Favourite Places in Japan: Yoron

Continuing with my posts about my favourite places in Japan, I’m going to write about a place that I have only been to once, but really enjoyed. The place is the island of Yoron (与論島) (also known as Yoronjima or Yoronto), the southernmost island of Kagoshima. I visited Yoron back in 1994 during the Golden Week holiday (end of April to early May) while I was on the JET Programme.

Rather than flying, the trip to Yoron was done taking the ferry. This was the first time that I’d taken such a ferry in Japan. Having arrived at Osaka port, after taking the driver-less train to the ferry terminal stop, I was confronted by a very interesting sign. Rather than a sign saying that ferries going to Okinawa are at a particular terminal, and showing the way to that terminal, the sign simply pointed to Okinawa, saying it was 3 kilometres to the left (although Naha is actually 800 km away).  There was then a wait at the central terminal for a free bus transfer for the 3km trip to the ferry. 

The ferry looked similar in size to the older cross-channel ferries that go between England and Europe. However, the design inside was very different. There were a few very large rooms – sleeping up to 200 on the floor. Luckily, I was in a room with some bunk-beds. Much more comfortable and relaxing. There was a TV, though out at sea the reception was not very good. Apart from the sleeping areas, there were showers (only open at certain times), one tiny games room, a small restaurant, a small café, and a small shop. The food wasn’t too bad, but luckily I had a stock of snacks and pot noodles (hot water is provided free) as the ferry journey lasts for around 36 hours. The first day was spent at sea (the only time in my life that I have never stepped on land for the whole of my birthday), and we arrived at Miyazaki the following morning. We then spent the day coast-hugging down Kyushu and going in between some volcanic islands. The weather was good and on the top of the boat, one could get a very good tan. The evening and early hours were spent stopping at various ports in the Oshima group of islands.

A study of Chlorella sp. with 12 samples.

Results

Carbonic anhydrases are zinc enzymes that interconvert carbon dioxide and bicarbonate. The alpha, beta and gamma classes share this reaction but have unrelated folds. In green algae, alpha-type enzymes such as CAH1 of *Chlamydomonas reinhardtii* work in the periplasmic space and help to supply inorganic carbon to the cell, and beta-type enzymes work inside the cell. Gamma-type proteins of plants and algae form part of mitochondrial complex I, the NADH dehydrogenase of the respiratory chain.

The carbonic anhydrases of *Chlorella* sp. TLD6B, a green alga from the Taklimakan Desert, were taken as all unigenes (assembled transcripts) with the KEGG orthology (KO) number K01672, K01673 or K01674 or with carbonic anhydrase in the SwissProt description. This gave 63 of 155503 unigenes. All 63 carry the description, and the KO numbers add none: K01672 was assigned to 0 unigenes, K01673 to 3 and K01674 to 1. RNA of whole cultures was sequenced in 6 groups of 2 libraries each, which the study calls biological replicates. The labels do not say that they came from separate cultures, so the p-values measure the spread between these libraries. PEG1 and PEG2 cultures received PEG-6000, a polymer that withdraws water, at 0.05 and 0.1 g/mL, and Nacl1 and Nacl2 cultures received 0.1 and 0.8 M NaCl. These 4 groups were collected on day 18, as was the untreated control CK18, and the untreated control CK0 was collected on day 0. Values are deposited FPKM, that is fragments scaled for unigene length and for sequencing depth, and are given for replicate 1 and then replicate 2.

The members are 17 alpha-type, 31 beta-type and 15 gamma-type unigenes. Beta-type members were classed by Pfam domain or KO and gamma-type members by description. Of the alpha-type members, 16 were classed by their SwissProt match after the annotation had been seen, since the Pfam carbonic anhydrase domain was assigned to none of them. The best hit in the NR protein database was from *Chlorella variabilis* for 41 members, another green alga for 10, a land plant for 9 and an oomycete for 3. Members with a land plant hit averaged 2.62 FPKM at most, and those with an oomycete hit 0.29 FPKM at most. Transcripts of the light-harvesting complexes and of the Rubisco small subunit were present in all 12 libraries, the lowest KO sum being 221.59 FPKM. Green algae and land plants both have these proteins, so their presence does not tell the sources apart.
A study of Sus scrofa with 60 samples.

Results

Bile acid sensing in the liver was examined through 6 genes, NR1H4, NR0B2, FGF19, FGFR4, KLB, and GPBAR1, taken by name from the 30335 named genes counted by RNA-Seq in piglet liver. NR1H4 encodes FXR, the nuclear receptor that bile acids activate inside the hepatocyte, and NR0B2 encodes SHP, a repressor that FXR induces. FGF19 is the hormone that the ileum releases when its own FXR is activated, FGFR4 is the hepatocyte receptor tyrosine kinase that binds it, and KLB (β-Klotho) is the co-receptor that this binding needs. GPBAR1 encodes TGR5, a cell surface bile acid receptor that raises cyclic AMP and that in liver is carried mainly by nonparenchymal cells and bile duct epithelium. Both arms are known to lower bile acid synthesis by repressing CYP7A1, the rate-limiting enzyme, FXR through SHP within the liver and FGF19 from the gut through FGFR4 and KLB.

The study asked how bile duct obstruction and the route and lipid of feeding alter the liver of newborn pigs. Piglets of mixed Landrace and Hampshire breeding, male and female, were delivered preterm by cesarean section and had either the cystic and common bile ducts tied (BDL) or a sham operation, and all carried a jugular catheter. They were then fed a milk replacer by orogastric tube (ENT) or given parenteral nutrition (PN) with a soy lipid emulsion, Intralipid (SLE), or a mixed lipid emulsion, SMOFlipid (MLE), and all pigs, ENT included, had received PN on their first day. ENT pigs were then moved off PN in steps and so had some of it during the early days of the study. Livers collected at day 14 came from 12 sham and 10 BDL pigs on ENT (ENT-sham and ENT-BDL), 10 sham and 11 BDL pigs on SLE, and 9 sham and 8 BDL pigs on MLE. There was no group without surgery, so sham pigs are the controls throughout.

Then, at around 4 in the morning the ship arrived in Yoron. It was barely sunrise and was a little chilly. From the port we were then taken by small buses to our hotels. I was told that we could not check into the rooms for another six hours, but could use the showers. I decided to go for a walk and have a nap on the beach outside the hotel.

Later in the day, I was taken by our hotel rep to the main beach, Yurinohama, on the East coast of the island. The journey (free bus service) didn’t take very long, after all the island is only around 25 kilometres in circumference. I spent a couple of the days on the island at this beach doing the various activities (including jet bikes, banana boats, etc.), sun bathing, and eating at the local restaurant. Sadly, one of my main memories of that first day, however, was seeing the Japanese news, spotting that there had been a big crash in a Formula 1 race and then reading the subtitles that said that the great Ayrton Senna had been killed in the crash. I was so shocked.

Overall, Yoron was no ordinary beach holiday. The whole place was very different. If it wasn’t for a few signs around the place, there would be no way of knowing we were in Japan. The language was different, the people looked different, and the island bore more resemblance to an area in South-East Asia.  Even the cars are different, although they have Japanese registration plates, the cars tended to be yellow rather than white!

Yoron used to be very popular with Japanese tourists, but then they went to Okinawa, and now they tend to go to Hawai’i or Guam. A trip to Yoron is a way to experience what Japanese people used to do before taking planes became normal. The main visitors when I went seemed to be Japanese tourists wanting a cheap or nostalgic holiday, and American servicemen coming over from Okinawa.

The view from the top of the hill – there was a bit of rain that day

The best way to see the island is by bike. There are only a few roads, and little motorised traffic, so it is very easy to cycle around at one’s leisure, and safely. There is only one hill, and even that doesn’t take long to push a bike up if you’re not that fit. Having a bike makes it easy to visit the other sites – the gardens, some caves, the airport, “the station”, and so on.

At Yoron “station” – the railway line is only about 5 metres long

The ferry journey back to Osaka started off badly due to a rough sea, but after the initial shock, it gradually got better and the next day was very calm and hot. 

Overall, I have very happy memories of Yoron and have enjoyed spotting it from the sky when flying between Japan and Hong Kong, for example. One day I hope to go back. In the meantime, some of the ferry experiences are likely to help inspire parts of the third book in my Iwakura series of novels and I plan to further reflect upon what Yoron can teach us about aspects of Japanese society as I work on the update to my book Japan: The Basics.